Fort Worth Botanic Garden repairs
Visiting the Fort Worth Botanic Garden — in deteriorating condition, but the last free city-owned venue — will cost money starting in July. A handful of reduced and free options may make it easier for visitors on a budget.
Facing as much as $17 million in immediate needs and a budget hole of about $1.2 million annually at the garden, the Fort Worth City Council in November passed an admission structure. The suggested fees would be $12 for adults and $6 for children between 6 and 15. Those over 65 would pay $10.
But the council also directed city staff to explore more ways to make the garden accessible to children and lower income residents.
Those options, presented to council members Tuesday, include several free options for Fort Worth residents, but come at a revenue loss of nearly $109,000.
The new proposal includes:
▪ Reducing the family membership from $100 to $80.
▪ Free after-hours events, from 6 p.m. to 9 p.m., at least quarterly with the goal of growing to once a month.
▪ Allowing free access to Fort Worth residents for the first hour and last hour of garden operations on the second and fourth Mondays.
▪ Half-price Saturday morning admission once a month.
▪ Allowing Fort Worth children under 18 in for free from 3 p.m. to 6 p.m. on school days.
▪ Adding adults with special needs living at home to the family membership.
Susan Alanis, an assistant city manger, said new structure may be complicated and the city can adjust it as needed, but it appeared to be the best balance between providing access to the botanic garden and addressing funding needs.
“The goal was to try to make sure we didn’t miss anybody,” she said.
The council is expected to vote on the new proposal June 25. Fees are expected to start July 19.
These recommendations are on top of free and reduced options approved in November that were put forward by a task force commissioned to study how the make the the garden profitable.
Those options include:
▪ About 4,500 family passes will be distributed to nonprofits that work with low income residents to distribute to families.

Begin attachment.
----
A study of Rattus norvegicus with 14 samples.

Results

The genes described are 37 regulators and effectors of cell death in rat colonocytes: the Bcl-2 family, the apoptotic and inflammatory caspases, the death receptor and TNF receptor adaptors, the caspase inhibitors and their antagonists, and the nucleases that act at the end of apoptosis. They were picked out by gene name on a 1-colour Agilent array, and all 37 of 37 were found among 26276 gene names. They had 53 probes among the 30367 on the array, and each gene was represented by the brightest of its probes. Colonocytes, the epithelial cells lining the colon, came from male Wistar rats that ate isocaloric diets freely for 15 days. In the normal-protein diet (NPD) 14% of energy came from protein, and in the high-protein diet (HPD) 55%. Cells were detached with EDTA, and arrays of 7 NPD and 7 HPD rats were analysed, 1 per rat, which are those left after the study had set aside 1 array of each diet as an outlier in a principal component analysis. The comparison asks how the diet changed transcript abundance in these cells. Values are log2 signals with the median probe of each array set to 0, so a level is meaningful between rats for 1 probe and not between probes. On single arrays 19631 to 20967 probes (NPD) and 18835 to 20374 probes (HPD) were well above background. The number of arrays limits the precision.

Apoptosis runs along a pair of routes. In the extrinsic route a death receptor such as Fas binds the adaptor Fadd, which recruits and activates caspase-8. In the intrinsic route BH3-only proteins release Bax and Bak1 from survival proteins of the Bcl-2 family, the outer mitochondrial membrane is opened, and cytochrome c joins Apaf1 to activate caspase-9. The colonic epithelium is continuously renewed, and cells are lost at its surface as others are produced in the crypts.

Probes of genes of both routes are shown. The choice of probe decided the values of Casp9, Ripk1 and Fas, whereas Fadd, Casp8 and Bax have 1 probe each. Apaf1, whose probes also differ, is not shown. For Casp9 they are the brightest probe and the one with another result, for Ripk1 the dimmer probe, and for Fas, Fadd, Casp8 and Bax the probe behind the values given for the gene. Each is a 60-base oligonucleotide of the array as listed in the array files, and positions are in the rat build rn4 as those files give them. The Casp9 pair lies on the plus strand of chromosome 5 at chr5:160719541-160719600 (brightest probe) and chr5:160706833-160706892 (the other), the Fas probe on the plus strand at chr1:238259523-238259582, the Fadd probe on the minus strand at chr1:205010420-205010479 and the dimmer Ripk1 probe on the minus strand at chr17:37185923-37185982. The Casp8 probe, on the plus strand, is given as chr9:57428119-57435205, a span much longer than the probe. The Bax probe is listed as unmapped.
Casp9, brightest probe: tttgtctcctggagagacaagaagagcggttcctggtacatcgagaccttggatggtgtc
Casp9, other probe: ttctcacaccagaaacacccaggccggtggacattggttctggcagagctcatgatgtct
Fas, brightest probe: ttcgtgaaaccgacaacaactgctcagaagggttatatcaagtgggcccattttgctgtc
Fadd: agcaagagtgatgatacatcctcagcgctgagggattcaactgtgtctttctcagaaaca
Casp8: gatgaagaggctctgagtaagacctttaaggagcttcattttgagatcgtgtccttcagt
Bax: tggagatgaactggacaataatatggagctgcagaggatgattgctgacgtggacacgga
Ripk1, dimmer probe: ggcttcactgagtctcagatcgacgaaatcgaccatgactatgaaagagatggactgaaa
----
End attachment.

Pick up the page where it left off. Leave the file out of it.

▪ The MusePass will allow families to check out passes from the Fort Worth Public Library in a similar way to e-books.
▪ The Under the Blue Star program, military members and their families can visit for free between Memorial Day and Labor Day.
▪ The Botanic Garden will offer sponsored field trips to all third-grade classes in the Fort Worth school district. Each student will receive a pass to bring their family back on another day. Currently, those on field trips can show up unannounced, potentially creating a problem for garden staff.
▪ Those on the SNAP or WIC assistance programs can visit for $1 per adult. Children will be allowed in at no cost. A family pass will also be available for $30.
Under the recommendations from a task force, the garden should begin generating money for the first time in 2022, about $130,000, and bring in $426,000 by 2024.
That income falls dramatically under the new staff suggestions. The garden would make less than $10,000 in 2022 and less than $300,000 in 2024.
During public comments Tuesday, Travis Christal said he wasn’t convinced the gardens required fees to operate and called the idea “policy racism” because it would disproportionately impact low income and minority residents.
“The fact that it has operated without a fee since 1934 speaks for itself,” he said.